Gnawoe - Orchestra Baobab - Specialist In All Styles (2002)
Comeback Album Mini Series - Pt. 2
Orchestra Boabab (OB) are a new group for me. I discovered them in a somewhat strange fashion just last week, as I was shamelessly scrolling through my endless feed of internet drivel, handpicked for me by the folks at Alphabet Inc. I must admit, the internet overlords did a good one this time. Some video from the early 2000's of Trey Anastasio and Dave Matthews traveling to Africa to play music with a band from Dakar, Senegal caught my eye, and I was hooked. It's fairly late as I sit down to write this (8pm on a school night), but I'm excited about what might end up on the page. Away we go.
Prior to releasing this album, OB had not authored any material since 1986, or maybe even 1982, depending on how you look at things. It seems like 1982 was the last time the band was fully formed and putting music together before officially disbanding in the late 80's. To my eye, most of the releases in the mid 80's were represses of older material, and not actually recorded by the band for a new album. Before we get all lost in the details of this album, we should continue to talk about the origins of the OB.
What's a Baobab? It's a tree. Duh. But they don't just grow on Madagascar. There are apparently two species of Baobab native to mainland Africa, at least one of which can be found in the sub-Saharan regions (e.g. Senegal). OB got their start as the house band at the Baobab Club, a basement nightclub located in Dakar, the capital of the west African country of Senegal. The Baobab Club itself was allegedly started by a handful of government ministers who wanted a cool place to hang out, for lack of a better description. Turns out they got a pretty cool place, and a great band, to boot. In the 70's the OB were playing the club four nights a week, and it seems by all accounts that the both the club and the band were doing quite well for themselves. Below is a photo of a Baobab in the middle of a car lot in Senegal. Photographed by Thomas Munita, ladies and gentlemen, for the New York Times.
The OB rode pretty high for a decade or more, but times and music and styles all do change. With the arrival of the 80's, the band were starting to lose their audience. Guitarist Barthelemy Attisso recounts the bands feelings at this time. "We were wondering what to do? Should we also take up mbalax and give up our own style? In the end we decided against following fashion. That meant our gradual decline." So, in the late 80's, the band officially broke up, instead of following fashion. Respect.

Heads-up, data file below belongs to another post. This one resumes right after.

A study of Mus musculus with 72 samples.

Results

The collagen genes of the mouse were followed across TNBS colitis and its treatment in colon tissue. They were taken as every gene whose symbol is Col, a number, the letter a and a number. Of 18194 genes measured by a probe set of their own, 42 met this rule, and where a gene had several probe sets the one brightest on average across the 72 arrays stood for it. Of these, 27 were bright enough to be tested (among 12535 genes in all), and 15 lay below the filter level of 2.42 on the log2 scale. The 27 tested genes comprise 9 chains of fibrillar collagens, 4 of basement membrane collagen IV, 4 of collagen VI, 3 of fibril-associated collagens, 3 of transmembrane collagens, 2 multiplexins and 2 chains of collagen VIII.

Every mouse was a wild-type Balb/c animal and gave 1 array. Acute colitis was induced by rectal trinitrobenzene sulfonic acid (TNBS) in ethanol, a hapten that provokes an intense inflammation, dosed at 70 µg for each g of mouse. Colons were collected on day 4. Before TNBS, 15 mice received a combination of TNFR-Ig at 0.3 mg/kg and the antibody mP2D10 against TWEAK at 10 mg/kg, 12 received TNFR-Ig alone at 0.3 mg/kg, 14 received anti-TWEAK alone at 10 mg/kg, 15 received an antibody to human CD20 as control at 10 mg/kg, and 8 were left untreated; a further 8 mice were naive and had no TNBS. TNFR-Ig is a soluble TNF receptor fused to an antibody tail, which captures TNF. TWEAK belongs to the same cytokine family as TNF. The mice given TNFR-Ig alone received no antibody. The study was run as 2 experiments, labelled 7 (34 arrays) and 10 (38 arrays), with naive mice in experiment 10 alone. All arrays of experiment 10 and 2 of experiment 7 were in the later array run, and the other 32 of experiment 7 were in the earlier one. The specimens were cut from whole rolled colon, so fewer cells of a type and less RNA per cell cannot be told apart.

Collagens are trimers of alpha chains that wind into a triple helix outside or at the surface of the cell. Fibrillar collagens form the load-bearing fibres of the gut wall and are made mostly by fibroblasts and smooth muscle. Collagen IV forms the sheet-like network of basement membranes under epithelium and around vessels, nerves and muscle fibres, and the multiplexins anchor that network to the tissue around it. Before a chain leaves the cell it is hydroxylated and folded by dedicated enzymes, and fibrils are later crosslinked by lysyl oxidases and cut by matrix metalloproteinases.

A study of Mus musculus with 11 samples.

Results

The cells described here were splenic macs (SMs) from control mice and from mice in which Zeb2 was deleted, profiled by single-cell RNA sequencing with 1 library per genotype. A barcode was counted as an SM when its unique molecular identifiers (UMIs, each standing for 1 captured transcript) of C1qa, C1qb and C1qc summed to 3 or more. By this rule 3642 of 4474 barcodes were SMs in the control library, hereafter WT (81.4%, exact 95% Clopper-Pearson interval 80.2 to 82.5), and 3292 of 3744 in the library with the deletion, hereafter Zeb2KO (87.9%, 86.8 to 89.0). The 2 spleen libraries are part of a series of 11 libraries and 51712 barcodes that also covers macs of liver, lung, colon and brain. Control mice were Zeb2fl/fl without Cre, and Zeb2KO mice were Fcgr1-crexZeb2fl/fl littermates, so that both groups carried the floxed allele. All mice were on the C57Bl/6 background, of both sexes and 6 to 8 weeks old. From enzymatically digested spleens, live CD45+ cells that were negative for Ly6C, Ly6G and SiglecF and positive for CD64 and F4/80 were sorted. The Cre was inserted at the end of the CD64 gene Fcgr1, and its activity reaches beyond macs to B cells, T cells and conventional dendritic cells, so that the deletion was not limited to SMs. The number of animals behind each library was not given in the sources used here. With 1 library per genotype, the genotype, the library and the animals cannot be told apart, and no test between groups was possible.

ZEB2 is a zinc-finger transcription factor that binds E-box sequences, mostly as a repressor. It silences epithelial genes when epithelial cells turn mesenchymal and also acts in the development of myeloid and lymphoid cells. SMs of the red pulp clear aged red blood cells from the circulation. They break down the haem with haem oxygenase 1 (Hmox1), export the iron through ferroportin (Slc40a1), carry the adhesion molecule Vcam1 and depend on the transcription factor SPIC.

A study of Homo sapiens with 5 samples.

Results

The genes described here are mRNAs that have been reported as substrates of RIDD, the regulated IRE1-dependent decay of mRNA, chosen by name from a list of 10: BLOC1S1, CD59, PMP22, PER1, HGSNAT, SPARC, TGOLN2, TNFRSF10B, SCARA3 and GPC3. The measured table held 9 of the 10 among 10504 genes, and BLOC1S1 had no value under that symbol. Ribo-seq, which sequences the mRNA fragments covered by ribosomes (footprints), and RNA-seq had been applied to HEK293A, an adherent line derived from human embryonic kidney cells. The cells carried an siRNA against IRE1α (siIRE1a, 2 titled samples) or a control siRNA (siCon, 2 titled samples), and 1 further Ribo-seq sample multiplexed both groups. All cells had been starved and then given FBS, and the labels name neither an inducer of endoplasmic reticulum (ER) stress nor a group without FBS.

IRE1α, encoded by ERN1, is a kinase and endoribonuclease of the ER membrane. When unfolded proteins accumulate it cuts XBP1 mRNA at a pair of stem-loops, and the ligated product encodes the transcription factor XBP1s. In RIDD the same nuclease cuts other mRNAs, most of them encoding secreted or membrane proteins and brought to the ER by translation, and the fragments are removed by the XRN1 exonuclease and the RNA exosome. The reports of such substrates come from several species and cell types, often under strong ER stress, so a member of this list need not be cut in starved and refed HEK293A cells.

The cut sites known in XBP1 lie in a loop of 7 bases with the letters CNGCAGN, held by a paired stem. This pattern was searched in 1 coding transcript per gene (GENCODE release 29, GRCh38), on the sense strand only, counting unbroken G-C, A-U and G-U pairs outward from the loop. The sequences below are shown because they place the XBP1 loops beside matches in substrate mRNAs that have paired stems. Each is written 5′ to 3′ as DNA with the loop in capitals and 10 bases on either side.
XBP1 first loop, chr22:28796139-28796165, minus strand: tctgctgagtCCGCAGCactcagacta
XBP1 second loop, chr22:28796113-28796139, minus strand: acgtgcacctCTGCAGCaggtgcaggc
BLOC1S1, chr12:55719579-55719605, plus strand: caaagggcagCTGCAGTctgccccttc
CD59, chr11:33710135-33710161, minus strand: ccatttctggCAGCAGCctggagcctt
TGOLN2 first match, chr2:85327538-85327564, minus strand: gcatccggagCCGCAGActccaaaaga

In the years between the late 80's and the early 2000's, the band wasn't together. Attisso, the guitarist mentioned above (and one of many band members who had moved on to other occupations), had returned to Togo (different country) to practice law. Interestingly enough, it was his desire to study law that originally brought him to Dakar. While in the city, Attisso realized he needed a source of income to get him through school. So he decided to learn the guitar, and ended up being an integral member of what is now a world renowned band. Dude still practices law when he's not touring or recording. What a badass.
Although OB weren't doing much in this time period, they still got some attention. Some tracks that were originally recorded in '82 got repressed and issued in Europe as Pirate's Choice in 1987. This album is incredible. Listen to it. They also had help from folks like Dave and Trey, who helped get them in to that VH1 rotation. In the late 90's there were grumblings about recording a new album. In a charming twist of fate, Specialist In All Styles was produced in part by a man named Youssou D'Nour. D'Nour helped pioneer the mbalax sound in the 80's, which probably had a good deal to do with OB's decline in popularity. To cut to the chase, the band got back together in London, and recorded this album in about ten days. And it's good. At risk of dwelling on the pre-comeback portion of this story, I would highly highly highly recommend everyone to listen to the entire Pirate's Choice album. That being said, Specialist In All Styles will not let you down. And besides, you can't really have a comeback album without having already crushed it in years prior. Or at least sliding in to relative unpopularity. Or doing both. But let's not dwell on these things. So go listen, and have fun.